On the morning of Monday, July 5, Casa de América hosted the presentation of the Ruth Bader Ginsburg Medals of Honor promoted by the World Jurist Association (WJA) and the World Law Foundation (WLF) in recognition of those women who, during their careers, have promoted the rule of law and gender equality throughout the world. Together with Jane Ginsburg, this award was created, named after her mother and US Supreme Court Justice, who became the first woman to receive the WJA World Peace & Liberty Award in February 2020 from the hands of the WJA President and Spanish lawyer, Javier Cremades.
Nowadays, gender equality and the full incorporation of women in all relevant areas of society are an essential commitment for the maintenance of the rule of law, in part, due to the efforts of Justice Ginsburg, both during the 70s and throughout her entire career.
For this reason, during the first day of the Opening Session Madrid of the World Law Congress 2021, this distinction was awarded to eight women who, like Ginsburg, have fought throughout their lives for the defense and strengthening of the rule of law, peace and freedom in their countries, continents or worldwide.
The jurists who have received the Ruth Bader Ginsburg Medal of Honor this 2021 are:
– Christine Lagarde (France): President of the European Central Bank and first woman to preside over the International Monetary Fund (2011-2019). In France she held the positions of Minister of Agriculture and Fisheries, Minister of Commerce and Minister of Economy, Finance and Industry.
– Gilian Triggs (Australia): United Nations Assistant High Commissioner for Refugees since 2019, former Dean of International Law at the University of Sydney and President of the Australian Human Rights Commission (HRC) from 2012 to 2017.
– Luz Ibáñez (Peru): Vice President of the International Criminal Court since 2021 and court judge since 2018. She was attorney general of Peru, and delegate to the Inter-American Commission on Human Rights, the Convention on the elimination of all forms of discrimination against women (CEDAW), and the Inter-American Committee against Terrorism (CICTE).
– Maite Oronoz (Puerto Rico): President of the Supreme Court of Puerto Rico since 2014. She is the third woman to preside over the Supreme Court and the youngest person to hold said position. Deputy Attorney General of Puerto Rico (2005-2008) and Director of the Office of Legal Affairs of the Municipality of San Juan de Puerto Rico (2013-2016).
– Navi Pillay (South Africa):Ad hoc judge of the International Court of Justice in The Hague in Gambia’s genocide request against Myanmar; President of the International Commission against the Death Penalty, Madrid; President of the Advisory Council of the Academy of Nuremberg Principles, Nuremberg; UN High Commissioner for Human Rights (2008-2014); magistrate of the International Criminal Court in The Hague (2003-2008); Judge and President of the UN International Criminal Court for Rwanda (1995-2003).
– Rosario Silva de Lapuerta (Spain): Vice President of the Court of Justice of the European Union since 2018 and magistrate of the court since 2003. She was the first woman to access the Spanish State Bar in 1978; Head of the Legal Service of the State before the Court of Justice of the European Communities and Deputy Director General of Community and International Legal Assistance for the State General Attorney.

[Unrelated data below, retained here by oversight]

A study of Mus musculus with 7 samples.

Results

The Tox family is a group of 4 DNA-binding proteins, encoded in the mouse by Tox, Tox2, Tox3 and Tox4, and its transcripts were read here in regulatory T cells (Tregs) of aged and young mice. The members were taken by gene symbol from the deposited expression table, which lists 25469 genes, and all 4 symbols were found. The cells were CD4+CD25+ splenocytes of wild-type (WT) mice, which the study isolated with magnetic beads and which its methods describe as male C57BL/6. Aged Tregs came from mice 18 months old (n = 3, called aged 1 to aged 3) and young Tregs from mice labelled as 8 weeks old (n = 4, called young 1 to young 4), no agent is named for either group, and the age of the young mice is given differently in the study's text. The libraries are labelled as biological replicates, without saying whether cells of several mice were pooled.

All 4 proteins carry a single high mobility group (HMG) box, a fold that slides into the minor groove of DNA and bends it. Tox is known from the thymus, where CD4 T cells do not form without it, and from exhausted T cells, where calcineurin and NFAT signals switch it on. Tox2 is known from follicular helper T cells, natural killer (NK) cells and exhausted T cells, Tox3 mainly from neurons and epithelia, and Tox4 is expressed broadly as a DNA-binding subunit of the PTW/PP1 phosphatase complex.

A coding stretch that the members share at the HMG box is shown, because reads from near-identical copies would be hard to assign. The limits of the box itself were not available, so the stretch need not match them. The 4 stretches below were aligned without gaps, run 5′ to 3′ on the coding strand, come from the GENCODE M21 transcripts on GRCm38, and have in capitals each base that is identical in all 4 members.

– Sujata Manohar (India): Justice of the Supreme Court of India (1994-1999) and member of the National Human Rights Commission of India (2000-2004). She is an honorary member of Lady Margaret Hall, Oxford, and an honorary member of Lincoln’s Inn, London.
– Young Hye Kim (South Korea): She has served for more than 25 years as a senior judge in various courts and has been a permanent commissioner of the Korean National Human Rights Commission, and Vice President of the International Association of Women Judges.
“With the delivery of these medals, which will be done periodically, the World Jurist Association seeks to promote the recognition of women jurists, sometimes long forgotten, and their role in the world of law throughout history, as well as its economic, social and political impact. These are women who, without a doubt, have created value for society, for the world of law and, therefore, for the consolidation of democracy and the rule of law”, said Javier Cremades, president of the WJA.
On behalf of the winners, Christine Lagarde, president of the European Central Bank, celebrated the creation of these medals, “not only because they have been presented to us, but because it is a very effective way to honor someone who has done so many things, to promote positive change in the world”. And with the inspiration of Ruth Bader Ginsburg, Lagarde has highlighted that “the rule of law is the roadmap and lays the foundations on which the most modern constructions can be built”.
A first-class jury
The selection of the recipients of the Ruth Bader Ginsburg Medal of Honor from the World Jurist Association has been in charge of a jury made up of renowned international personalities; chaired by Jane Ginsburg, daughter of Justice Ginsburg and professor at Columbia Law School, and composed of José Ramos-Horta, Nobel Peace Prize winner; María Encarnación Roca Trías, magistrate of the Constitutional Court of Spain; Viviane Reding, Vice President of the European Commission (2010-2014); Amanda Tyler, PhD in Law from Harvard University and co-author, with Ginsburg, of the book: “Justice, Justice Thou Shalt Pursue”; Elizabeth Magill, professor at Stanford Law School and former legal aid to Justice Ginsburg, as well as Rector of the University of Virginia; Javier Cremades, president of the WJA and the WLF; Albie Sachs, South African activist and former judge of the Constitutional Court, and Victoria Ortega, President of the General Council of Spanish Lawyers.